The increase in benchmark rates will support banks’ profitability, says the credit rating agency

The Central Bank of Egypt’s (CBE) decision is credit positive for Egyptian banks because it will likely increase the availability of US dollars in the economy, supporting economic activity and the banks’ business, credit rating agency Moody’s stated on Monday.

On Thursday, the CBE announced that it floated its exchange rate and moved to a free-float of the Egyptian pound. Further, the CBE raised benchmark rates by 300 basis points, with the main policy operation rate increasing to 15.25%.

Moody’s said that the increase in the benchmark rates will support the banks’ profitability, and that positive procedures offset the negative effect that the currency devaluation will have on the banks’ capital adequacy ratios. Additionally, the negative pressures those banks will face on asset quality are due to rising inflation and higher interest rates, which weaken debt affordability.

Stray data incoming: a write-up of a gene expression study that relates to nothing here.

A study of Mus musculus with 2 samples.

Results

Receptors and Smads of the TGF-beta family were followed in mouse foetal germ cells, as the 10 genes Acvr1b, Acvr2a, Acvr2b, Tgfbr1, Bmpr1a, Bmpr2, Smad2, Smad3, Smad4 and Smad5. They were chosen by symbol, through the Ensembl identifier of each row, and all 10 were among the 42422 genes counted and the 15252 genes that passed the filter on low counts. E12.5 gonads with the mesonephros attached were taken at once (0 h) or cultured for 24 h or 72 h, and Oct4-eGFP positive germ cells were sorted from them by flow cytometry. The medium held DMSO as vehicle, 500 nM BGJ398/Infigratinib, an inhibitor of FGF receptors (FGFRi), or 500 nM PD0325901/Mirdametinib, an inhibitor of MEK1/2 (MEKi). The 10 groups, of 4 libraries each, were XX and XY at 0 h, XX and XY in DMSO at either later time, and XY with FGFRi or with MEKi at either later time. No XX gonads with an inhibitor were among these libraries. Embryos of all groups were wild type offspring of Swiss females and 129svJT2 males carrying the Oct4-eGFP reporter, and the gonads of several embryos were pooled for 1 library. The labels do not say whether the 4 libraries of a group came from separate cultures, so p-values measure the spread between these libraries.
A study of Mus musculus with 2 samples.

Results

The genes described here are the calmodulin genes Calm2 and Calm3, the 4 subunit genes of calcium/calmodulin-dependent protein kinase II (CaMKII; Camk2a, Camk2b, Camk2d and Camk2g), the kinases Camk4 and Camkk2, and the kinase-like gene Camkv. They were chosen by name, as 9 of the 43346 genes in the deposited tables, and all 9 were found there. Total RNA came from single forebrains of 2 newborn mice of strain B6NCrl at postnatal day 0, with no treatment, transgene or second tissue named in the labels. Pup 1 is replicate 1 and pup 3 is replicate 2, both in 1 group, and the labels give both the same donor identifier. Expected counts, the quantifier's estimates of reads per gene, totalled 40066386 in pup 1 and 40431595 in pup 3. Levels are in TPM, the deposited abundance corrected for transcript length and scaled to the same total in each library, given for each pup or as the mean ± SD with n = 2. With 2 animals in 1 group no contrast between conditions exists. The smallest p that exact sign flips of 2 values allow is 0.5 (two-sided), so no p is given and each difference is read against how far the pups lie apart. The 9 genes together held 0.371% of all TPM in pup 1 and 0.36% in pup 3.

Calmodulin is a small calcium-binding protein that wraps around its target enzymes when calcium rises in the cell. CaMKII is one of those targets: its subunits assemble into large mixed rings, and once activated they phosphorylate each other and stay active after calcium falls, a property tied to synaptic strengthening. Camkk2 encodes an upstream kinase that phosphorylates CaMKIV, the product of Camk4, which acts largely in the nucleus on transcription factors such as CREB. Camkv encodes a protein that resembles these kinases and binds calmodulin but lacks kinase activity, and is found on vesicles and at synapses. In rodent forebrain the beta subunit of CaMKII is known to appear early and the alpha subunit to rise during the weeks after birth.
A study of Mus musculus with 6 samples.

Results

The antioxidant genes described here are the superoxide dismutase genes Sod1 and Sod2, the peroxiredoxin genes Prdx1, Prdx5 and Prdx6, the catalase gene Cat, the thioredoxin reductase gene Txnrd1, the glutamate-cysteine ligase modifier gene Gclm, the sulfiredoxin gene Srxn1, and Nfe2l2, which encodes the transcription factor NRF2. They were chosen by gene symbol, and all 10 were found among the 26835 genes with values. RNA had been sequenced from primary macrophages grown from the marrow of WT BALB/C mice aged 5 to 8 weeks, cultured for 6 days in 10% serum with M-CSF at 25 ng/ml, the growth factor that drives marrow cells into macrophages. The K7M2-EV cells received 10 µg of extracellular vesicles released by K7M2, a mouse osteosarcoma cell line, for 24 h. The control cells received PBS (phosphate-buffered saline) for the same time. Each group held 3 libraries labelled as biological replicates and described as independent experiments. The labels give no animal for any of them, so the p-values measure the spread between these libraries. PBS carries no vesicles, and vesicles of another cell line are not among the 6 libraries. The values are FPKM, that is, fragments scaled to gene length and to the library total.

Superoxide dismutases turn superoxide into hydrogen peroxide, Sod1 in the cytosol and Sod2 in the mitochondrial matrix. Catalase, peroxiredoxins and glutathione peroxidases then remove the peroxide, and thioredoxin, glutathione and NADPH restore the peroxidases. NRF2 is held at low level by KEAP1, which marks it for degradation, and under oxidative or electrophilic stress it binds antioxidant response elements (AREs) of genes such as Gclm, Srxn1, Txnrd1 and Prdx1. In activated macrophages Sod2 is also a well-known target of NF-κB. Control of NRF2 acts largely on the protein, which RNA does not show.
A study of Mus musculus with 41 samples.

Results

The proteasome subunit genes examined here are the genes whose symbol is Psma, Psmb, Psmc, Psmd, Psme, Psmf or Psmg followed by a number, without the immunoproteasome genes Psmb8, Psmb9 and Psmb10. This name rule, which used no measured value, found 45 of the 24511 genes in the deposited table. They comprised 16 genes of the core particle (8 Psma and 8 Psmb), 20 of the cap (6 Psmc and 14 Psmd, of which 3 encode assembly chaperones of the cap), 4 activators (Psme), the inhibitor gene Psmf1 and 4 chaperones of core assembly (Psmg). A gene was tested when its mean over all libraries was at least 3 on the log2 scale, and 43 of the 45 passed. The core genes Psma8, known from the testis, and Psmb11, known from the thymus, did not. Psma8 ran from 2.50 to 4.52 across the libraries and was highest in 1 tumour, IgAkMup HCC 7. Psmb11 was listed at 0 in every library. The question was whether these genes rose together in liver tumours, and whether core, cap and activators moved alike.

The CBE announced a nonbinding foreign exchange rate of EGP 13 per US dollar to serve as soft guidance for the market, which reflects a 46.5% devaluation of the currency from the previous value of EGP 8.875 per dollar.

On Monday, the CBE dollar price rose to EGP 16.38 for buying, EGP 17.23 for selling, jumping to EGP 17.5 in banks on the fifth day following the pound flotation.

Moody’s noted that the flexible exchange rate would support the Egyptian government’s efforts to attract foreign direct investment and improve trade competitiveness, which, in turn, will fuel economic expansion and support banks’ business.

It added that the increase in interest rate will support banks’ profitability. Banks’ high exposure to government bonds and treasury bills reached EGP 1.24tn ($140bn) as of July 2016, accounting for 43% of total assets.

According to Moody’s estimates, around half of the banks’ exposure to government securities are short-term treasury bills that the banks will reinvest at higher rates.

“Rising inflation and higher interest rates will also likely reduce debt affordability and loan performance, particularly in the more vulnerable small and midsize enterprise sector that banks are targeting as a growth segment,” Moody’s pointed out.